Human Destructiveness In Robert Frost's "Fire and Ice"

Fumarole on Mount Redoubt, Alaska, USA. One day before the eruption of 2009-03-22 the volcano shows steam venting and the summit glacier melting and breaking in an "ice piston" feature. --Cyrus Read
Fumarole on Mount Redoubt, Alaska, USA. One day before the eruption of 2009-03-22 the volcano shows steam venting and the summit glacier melting and breaking in an "ice piston" feature. --Cyrus Read | Source

Destruction

Source

What's the poem about?

Frost’s short and seemingly direct poem, “Fire and Ice” is sometimes interpreted, at least by “some of the scientific members of the academic community” as speculation on scientific theories regarding the end of the world (Hansen). This view of the poem is interesting, but it overlooks the poem’s symbolism, and the poet’s bent toward using outer objects as metaphors for inner states (Hansen). Rather than idle conjecture about astronomic theory, “Fire and Ice” is a commentary on the destructive forces hidden within the human heart, and the very real possibility that mankind will be the engineer of its own destruction.

Robert Frost, 1941.
Robert Frost, 1941. | Source

Frost's Modernism

Though he does not necessarily agree with his contemporaries on what poetry ought to be—indeed, modernists often disagree with each other—Frost falls into the category of “modern” writers. Writing between the world wars, these writers are partially shaped by, and often write in reaction to, industrialism and World War I (Baym 1882). Frost did not spend the war years in Europe, as some of his contemporaries did, but no American or European living during that time could have been entirely insulated from the unprecedented destruction of the Great War. Written in 1923, “Fire and Ice” postdates the end of that war and predates the next one by over a decade. Though the poem’s symbolism probably refers more to the capacity for destruction within individual humans, Frost was likely also thinking of the dire consequences when desire and hate are allowed to operate on a grand scale.

Composite image of a supernova within the galaxy M100 that may contain the youngest known black hole in our cosmic neighborhood.
Composite image of a supernova within the galaxy M100 that may contain the youngest known black hole in our cosmic neighborhood. | Source

Desire and Hatred, not Astronomy

The eminent astronomer, Harlow Shapley, took the poem’s first lines, “Some say the world will end in fire/Some say in ice” as a reference to a conversation between himself and Frost, and a discussion of competing hypotheses on how the world will end (1-2, Hansen). The astronomer saw the poem as an example of science influencing art, but the third and fourth lines speak of human emotion, not scientific theory. The speaker says, “From what I’ve tasted of desire/I hold with those who favor fire” (3-4). Desire has the potential to be a positive, creative force, but like fire, it can be an all-consuming horror when permitted to grow out of control. Each human possesses this capacity for destruction, and many have seen their personal worlds reduced to ash by unfulfilled, or insatiable, desire. Having lived through the first global war, Frost probably has no trouble imagining human desire as a force capable of ending the world.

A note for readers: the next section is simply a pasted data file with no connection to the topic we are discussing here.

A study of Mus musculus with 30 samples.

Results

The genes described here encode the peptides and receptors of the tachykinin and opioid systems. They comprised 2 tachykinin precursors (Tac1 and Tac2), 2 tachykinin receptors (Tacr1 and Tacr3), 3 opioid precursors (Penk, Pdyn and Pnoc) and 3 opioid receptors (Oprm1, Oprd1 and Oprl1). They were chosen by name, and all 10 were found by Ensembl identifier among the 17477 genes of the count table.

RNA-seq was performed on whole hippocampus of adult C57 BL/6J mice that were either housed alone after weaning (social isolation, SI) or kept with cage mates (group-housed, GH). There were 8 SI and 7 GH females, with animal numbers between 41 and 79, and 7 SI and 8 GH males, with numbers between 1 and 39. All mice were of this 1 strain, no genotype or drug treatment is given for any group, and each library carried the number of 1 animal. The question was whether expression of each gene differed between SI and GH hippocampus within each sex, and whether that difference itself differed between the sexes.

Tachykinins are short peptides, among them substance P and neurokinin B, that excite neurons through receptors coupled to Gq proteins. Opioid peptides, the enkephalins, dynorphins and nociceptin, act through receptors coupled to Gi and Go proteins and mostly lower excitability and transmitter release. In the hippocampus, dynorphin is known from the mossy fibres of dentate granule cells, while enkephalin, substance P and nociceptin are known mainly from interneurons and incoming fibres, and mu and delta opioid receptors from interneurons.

Frost penned “Fire and Ice” between the world wars, or he might well have ranked ice, which he likens to hate (6), as the first most likely cause of the world’s demise. But, having cast his vote for fire, he goes on, almost casually, to contemplate a second method for the world’s destruction. He says, “But if it had to perish twice,” as if the end of the world were a temporary malady (5, Hansen). Following on the heels of this seemingly offhand comment, the next two lines link the darkest of human emotions, hatred, with life-obliterating ice (6-7). Lacking any of desire’s potential for positive impact, hatred is cold, hard and utterly implacable. Hatred, at least as much as desire, motivates humanity’s most destructive acts. Hatred has thrust many lives into darkness, and continues to do so. If an alternative to fire must be contemplated, the speaker states that “for destruction ice/Is also great/And would suffice.” (7-9).

“Fire and Ice” probably is partially inspired by scientific conjecture, but the poem’s real meaning is closer to that hinted at in “Desert Places.” Astronomy and cosmic theory concern Frost far less than the “chronic malfunction of the human heart” (Hansen). The world could end tomorrow or a million years from now, but what really frightens the poet is the darkness in his “own desert places” (15). As a modern writer whose world has already been shaken by one global conflict, he recognizes that the same desire and hatred that can make one man’s life miserable also hold the potential to plunge entire continents—the entire world, even—into war and chaos.

Sources

Baym, Nina. “American Literature 1914-1945”. The Norton Anthology of American Literature. Shorter 7th Edition. New York, London: W.W. Norton and Company, 2008. 1882. Print.

Frost, Robert. “Desert Places”. The Norton Anthology of American Literature. Shorter 7th Edition. Ed. Baym, Nina. New York, London: W.W. Norton and Company, 2008. 1964. Print.

Frost, Robert. “Fire and Ice”. The Norton Anthology of American Literature. Shorter 7th Edition. Ed. Baym, Nina. New York, London: W.W. Norton and Company, 2008. 1963. Print.

Hansen, Tom. "Frost's Fire and Ice." The Explicator 59.1 (2000): 27. Literature Resource Center. Web. 4 Apr. 2013.